By Travis Nix, National Taxpayers Union

The Supreme Court has a historic opportunity this term to protect taxpayers from greedy state revenue agencies that all too often punish their residents with punitive fines for falling behind on their taxes. The Taxpayer Defense Center has asked the Supreme Court to hear two cases that could put an end to two of the most cruel and unjust property tax schemes in Minnesota and Nebraska where local governments confiscate homes due to a few unpaid dollars in property taxes.

In Minnesota, a 93-year-old resident’s home was confiscated and sold for $40,000 due to $15,000 in unpaid property taxes and fines. The government kept the entire $25,000 windfall and the former homeowner received nothing.

In Nebraska, a local county transferred a home worth over $60,000 to a private developer for only $5,200 in unpaid property taxes and fines. It is a government enabled scheme that allows private developers and the government to prey on residents who have fallen on tough economic times.

Minnesota and Nebraska are two of 14 states that engage in this cruel practice of confiscating taxpayer homes and retaining the entire home windfall. The rest of the states follow the right –and constitutionally mandated– practice of returning the excess proceeds from a foreclosure sale to the former homeowner or appropriate creditor.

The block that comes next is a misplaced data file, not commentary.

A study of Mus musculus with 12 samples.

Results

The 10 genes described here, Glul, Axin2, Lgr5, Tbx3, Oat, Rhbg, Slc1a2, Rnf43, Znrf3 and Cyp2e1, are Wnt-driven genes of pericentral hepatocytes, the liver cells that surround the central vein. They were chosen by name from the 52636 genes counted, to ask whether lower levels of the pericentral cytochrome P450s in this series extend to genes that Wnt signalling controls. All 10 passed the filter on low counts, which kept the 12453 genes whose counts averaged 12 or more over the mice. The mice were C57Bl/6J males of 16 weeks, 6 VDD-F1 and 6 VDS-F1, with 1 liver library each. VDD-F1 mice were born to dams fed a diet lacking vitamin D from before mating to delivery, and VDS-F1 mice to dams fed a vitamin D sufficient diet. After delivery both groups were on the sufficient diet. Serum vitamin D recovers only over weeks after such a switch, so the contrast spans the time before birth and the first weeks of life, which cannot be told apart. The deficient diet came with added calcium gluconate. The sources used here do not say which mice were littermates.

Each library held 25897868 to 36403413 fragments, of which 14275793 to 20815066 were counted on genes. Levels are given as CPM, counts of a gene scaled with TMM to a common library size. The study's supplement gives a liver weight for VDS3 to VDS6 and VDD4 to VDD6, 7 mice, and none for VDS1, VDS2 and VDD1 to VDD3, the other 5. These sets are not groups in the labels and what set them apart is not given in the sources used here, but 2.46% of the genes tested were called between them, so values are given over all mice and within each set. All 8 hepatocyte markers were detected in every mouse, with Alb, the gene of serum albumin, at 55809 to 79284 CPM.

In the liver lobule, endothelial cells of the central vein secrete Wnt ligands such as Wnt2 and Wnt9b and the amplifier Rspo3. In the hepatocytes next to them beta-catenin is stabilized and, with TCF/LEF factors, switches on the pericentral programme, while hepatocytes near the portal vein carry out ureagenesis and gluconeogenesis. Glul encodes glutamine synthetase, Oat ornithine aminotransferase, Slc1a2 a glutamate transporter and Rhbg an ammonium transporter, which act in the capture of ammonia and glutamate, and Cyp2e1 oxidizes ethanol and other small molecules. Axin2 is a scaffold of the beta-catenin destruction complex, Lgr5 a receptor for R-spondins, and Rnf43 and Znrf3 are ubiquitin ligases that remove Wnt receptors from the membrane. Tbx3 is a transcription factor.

The only interest the state has in the property is the unpaid tax; anything above that amount is punitive and belongs either to the homeowner or a creditor.

The Taxpayer Defense Center’s two amicus curiae (“friend of the court”) briefs asked the Supreme Court to hear both cases and strike down the property tax schemes as unconstitutional violations of the Eighth Amendment’s Excessive Fines Clause.

All Americans have a fundamental right to be free from excessive government fines and punishments. These state property tax schemes are clearly punitive and grossly disproportionate to the offense of a few thousand dollars in unpaid property taxes, making them unconstitutional.

Our brief outlines how this right can be traced all the way back to the Magna Carta and was a critical right at our nation’s founding. Yet, courts have been reluctant to use the doctrine to protect taxpayers as it only became a part of American legal jurisprudence over the last few decades despite being enshrined in the Constitution. For far too long, this fundamental freedom has been a right Americans only have on paper and not in practice.

The Excessive Fines Clause could be a game changer for taxpayers. A strong Excessive Fines jurisprudence could save them from punitive and excessive government fines greedy revenue agencies often impose on taxpayers for honest mistakes.

The Taxpayer Defense Center will be monitoring whether the Supreme Court grants certiorari to hear this case. It is proud to stand up for taxpayers fighting unjust and excessive government penalties.


Travis Nix writes for the National Taxpayers Union.